Mother Nature threatens to blow up airport project on remote island

Mother Nature threatens to blow up airport project on remote island

A brand new $560m airport on a remote British island may be forever mothballed over fears dangerous prevailing winds could flip incoming passenger jets.

The cliff-top airport on St Helena, which lies 1800km off the African coast and 2900km east of Brazil, was scheduled to open in May

But heat is now coming on the UK government who went ahead with construction, despite repeated warnings from pilots who were adamant the exposed site was a passenger jet disaster waiting to happen.

Larry Erd, who has flown in war zones in Iraq and Afghanistan, aborted a recent flight to the island because of concerns the runway was too dangerous.

Erd was due to fly a British politician to the island, but pre-flight he had harbored grave misgivings over wind shear – one of the biggest causes of deadly aviation accidents.

Another test pilot who took on the tricky approach before the airport was set to open described the landing as “hair-raising”

After delaying the opening of the airport for an indefinite time, St Helena’s governor Lisa Phillips acknowledged wind shear was an issue.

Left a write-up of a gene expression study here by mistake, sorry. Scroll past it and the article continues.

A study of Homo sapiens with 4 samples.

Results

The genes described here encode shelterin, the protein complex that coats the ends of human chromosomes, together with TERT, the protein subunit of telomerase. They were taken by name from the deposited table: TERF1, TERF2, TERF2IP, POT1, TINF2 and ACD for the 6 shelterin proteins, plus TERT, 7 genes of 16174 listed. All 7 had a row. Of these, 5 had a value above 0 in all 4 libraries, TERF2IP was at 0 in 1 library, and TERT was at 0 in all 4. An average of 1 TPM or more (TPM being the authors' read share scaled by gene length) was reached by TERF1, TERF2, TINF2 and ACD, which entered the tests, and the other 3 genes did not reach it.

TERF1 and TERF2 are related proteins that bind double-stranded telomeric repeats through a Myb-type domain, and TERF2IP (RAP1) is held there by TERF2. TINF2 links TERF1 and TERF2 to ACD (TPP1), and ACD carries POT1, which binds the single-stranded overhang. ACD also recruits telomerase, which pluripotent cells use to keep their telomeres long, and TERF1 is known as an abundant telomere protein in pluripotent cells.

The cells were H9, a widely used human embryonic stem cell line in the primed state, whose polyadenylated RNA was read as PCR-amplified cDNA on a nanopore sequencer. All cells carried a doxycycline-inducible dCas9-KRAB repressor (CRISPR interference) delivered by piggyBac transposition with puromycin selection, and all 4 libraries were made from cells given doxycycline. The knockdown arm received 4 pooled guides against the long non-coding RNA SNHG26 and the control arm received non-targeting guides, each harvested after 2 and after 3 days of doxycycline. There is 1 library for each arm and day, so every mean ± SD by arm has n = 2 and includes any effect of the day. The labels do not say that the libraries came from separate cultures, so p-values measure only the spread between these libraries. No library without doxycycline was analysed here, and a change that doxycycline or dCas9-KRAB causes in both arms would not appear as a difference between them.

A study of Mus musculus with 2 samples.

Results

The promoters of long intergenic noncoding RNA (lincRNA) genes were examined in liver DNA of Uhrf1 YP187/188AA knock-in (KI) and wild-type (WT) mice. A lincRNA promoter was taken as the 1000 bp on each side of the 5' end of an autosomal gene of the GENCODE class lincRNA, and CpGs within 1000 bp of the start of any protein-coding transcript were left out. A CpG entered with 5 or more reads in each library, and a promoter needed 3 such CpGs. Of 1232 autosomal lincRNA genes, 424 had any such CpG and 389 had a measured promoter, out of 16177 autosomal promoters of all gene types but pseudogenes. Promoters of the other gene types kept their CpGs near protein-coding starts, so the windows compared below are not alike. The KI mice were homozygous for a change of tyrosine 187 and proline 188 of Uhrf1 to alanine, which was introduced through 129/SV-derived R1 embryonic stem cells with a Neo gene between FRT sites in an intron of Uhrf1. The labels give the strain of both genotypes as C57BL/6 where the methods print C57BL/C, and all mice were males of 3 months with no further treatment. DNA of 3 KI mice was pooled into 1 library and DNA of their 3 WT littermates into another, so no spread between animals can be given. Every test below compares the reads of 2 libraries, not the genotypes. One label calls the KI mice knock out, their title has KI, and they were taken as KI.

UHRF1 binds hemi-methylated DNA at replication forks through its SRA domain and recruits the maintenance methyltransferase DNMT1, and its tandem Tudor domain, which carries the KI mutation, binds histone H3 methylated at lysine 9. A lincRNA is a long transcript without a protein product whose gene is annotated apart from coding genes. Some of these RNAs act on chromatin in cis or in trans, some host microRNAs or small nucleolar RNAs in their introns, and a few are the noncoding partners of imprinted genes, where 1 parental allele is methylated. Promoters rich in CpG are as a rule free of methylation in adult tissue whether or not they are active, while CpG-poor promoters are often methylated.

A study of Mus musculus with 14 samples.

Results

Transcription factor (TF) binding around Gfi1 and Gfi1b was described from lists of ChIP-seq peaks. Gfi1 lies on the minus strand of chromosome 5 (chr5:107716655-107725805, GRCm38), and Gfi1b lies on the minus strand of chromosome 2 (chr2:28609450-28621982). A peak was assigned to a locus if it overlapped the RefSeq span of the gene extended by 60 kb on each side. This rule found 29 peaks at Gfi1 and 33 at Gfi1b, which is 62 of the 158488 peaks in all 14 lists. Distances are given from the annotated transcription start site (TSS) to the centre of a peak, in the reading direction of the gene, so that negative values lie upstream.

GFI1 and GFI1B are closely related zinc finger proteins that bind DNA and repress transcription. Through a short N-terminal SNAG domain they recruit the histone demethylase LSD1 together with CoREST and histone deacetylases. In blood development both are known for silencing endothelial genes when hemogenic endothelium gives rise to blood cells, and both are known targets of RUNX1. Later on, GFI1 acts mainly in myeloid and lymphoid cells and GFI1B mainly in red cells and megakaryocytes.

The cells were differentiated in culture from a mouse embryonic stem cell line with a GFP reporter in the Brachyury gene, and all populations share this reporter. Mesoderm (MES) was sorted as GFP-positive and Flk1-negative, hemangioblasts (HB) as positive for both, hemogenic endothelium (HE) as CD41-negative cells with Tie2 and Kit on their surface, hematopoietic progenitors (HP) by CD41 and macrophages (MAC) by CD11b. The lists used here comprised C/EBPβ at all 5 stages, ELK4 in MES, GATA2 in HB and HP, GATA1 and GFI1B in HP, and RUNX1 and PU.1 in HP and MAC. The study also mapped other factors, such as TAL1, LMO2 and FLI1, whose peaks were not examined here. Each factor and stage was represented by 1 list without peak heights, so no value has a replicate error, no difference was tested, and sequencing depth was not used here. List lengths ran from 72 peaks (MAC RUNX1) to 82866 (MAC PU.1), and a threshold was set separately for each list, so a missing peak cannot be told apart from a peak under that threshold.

Ms Phillips denied the winds have spelled the end for the island’s airport.

She said authorities were now trying to identify which type of aircraft was most susceptible to wind shear and which could land safely.

The airport was planned to boost tourism and secure supply lines to the island, which was once held by French emperor Napoleon before defeat in 1815.

St Helena, home to some 4100 inhabitants, has been connected to the world by a mail ship that makes a four-day trip to the island from South Africa every three weeks.

That vessel was scheduled to be retired with the opening of the new airport.

A former British Airways pilot claimed he had warned UK Prime Minister David Cameron about wind shear problems on St Helena.

“If an airport is built on the edge of a near-vertical 1000-foot cliff, the prevailing wind is bound to cause problems,” Brian Heywood wrote in St Helena Independent.

“To grumble about wind shear at St Helena airport is a bit like grumbling about the heat in a newly built Sahara airfield in the summer. It is entirely predictable.”